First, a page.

Protect your business: IP tricks for startups
Most entrepreneurs learn to use non-disclosure agreements (NDAs) to protect their business ideas and technologies while conducting business development activities. Just how effective are NDAs, though? More specifically, how much does it cost to reinforce an NDA?
In a current case being handled by Gilbert’s LLP, an entrepreneur will have to spend over $100,000 to reinforce an NDA against his or her former business partner, not including all of the expenses on the way to the trial.
This is why during last Wednesday’s Entrepreneurship 101 lecture, experienced intellectual property (IP) lawyers Ashlee Froese, Matthew Powell and Nathaniel Lipkus from Gilbert’s LLP recommended that entrepreneurs consider IP protection early on.
Inexpensive IP tricks for early-stage startups
You may think that IP protection is too expensive for an early-stage startup. But according to Ashlee, Matthew and Nathaniel, you can use some tricks to defer fees while still receiving protection. For example, you can use the Patent Co-operation Treaty, an international patent law treaty, to defer the patent filing in over 140 countries for up to 30 months. This should give you enough time to see if you can get an investor or licensee in countries such as China interested in your idea, helping you gauge whether it’s worth your money to pursue a patent there.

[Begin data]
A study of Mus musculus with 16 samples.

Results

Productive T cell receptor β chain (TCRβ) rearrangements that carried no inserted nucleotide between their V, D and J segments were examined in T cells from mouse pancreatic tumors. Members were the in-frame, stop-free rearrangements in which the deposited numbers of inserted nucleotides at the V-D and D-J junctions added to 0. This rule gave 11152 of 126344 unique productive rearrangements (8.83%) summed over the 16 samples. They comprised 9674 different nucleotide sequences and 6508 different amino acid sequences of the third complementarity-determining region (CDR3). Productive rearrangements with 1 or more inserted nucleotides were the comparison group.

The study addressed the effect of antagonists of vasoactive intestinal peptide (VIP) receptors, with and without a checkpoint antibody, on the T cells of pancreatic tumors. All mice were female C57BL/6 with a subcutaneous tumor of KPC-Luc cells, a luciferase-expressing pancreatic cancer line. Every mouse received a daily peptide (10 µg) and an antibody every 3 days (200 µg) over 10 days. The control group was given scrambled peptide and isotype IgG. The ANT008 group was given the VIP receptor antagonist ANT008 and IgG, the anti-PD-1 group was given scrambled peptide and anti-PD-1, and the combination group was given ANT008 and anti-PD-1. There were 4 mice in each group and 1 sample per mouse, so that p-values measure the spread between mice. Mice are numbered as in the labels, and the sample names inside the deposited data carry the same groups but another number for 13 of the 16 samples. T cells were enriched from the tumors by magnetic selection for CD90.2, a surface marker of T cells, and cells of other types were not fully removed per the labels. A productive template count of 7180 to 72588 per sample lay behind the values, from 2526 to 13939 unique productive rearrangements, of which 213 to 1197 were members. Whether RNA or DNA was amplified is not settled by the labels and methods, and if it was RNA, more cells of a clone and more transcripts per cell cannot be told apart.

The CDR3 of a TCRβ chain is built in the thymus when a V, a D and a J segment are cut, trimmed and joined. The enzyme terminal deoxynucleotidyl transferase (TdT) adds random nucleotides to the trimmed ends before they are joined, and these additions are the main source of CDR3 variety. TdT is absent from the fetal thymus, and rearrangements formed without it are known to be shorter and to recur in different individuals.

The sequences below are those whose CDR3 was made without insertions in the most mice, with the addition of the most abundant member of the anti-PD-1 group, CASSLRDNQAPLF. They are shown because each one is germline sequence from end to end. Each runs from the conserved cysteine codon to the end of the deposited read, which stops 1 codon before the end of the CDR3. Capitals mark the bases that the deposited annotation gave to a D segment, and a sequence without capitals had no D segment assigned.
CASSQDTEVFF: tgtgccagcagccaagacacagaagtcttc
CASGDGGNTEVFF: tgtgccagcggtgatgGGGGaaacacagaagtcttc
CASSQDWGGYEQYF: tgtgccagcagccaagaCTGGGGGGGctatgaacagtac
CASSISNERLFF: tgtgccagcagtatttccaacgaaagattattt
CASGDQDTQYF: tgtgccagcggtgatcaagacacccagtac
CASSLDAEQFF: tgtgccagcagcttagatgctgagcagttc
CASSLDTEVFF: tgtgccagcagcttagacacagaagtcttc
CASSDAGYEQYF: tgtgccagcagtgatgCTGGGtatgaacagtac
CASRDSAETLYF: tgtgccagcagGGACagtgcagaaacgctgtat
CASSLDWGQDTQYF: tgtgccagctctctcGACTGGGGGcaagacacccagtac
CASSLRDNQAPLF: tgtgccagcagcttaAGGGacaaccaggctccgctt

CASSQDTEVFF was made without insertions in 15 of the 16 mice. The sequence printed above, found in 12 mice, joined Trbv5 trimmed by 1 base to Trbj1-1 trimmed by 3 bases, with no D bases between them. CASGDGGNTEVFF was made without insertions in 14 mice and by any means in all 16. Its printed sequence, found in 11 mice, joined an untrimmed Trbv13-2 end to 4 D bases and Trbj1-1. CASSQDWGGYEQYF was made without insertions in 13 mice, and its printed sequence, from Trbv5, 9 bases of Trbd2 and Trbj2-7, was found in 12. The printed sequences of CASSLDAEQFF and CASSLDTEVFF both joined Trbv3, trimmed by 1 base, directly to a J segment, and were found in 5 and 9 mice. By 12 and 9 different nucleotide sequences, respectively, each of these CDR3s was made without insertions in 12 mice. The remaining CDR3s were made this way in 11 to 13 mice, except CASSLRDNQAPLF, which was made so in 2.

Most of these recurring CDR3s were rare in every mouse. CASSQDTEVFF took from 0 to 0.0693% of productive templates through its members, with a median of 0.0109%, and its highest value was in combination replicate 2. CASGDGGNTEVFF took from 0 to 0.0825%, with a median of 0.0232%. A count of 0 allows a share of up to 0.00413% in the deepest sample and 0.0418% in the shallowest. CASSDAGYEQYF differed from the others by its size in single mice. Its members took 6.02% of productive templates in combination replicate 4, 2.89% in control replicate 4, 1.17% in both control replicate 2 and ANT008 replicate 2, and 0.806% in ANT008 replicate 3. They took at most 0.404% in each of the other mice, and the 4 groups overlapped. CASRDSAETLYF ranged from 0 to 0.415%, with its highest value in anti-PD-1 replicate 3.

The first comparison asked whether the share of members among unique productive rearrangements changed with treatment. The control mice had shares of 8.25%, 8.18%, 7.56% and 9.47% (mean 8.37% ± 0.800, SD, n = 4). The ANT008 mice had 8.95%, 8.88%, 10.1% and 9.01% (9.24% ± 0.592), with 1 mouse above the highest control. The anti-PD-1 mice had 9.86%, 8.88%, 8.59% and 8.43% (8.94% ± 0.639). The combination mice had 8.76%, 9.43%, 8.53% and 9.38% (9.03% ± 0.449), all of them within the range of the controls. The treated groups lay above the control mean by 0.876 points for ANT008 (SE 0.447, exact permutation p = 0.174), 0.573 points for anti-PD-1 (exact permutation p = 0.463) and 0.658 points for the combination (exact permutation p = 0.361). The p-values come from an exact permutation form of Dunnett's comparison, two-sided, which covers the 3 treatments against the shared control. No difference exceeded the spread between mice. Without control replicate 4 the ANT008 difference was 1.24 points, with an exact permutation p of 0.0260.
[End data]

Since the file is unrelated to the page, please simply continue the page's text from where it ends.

IP could be a revenue generator
IP is a valuable asset that you can sell for money. For example, each Nortel patent is worth $735,000, on average, and each Motorola patent is worth approximately $750,000. Coca-Cola’s brand name is estimated to be worth $77.8 million dollars.
Consider this: If Apple never sold an iPad, they would still probably make more money than Samsung, HTC or Microsoft because of the fees they are getting from their patents.
IP can help open the market where your business cannot
When Gilead tried to market their drugs in developing countries, they could only reach 1,000 patients due to the lack of distribution channels in these countries. However, they changed their strategy to license their IP to people who could sell their drugs and there are now 2.9 million people in developing countries using Gilead products.
Want to learn more about IP? Watch the video below.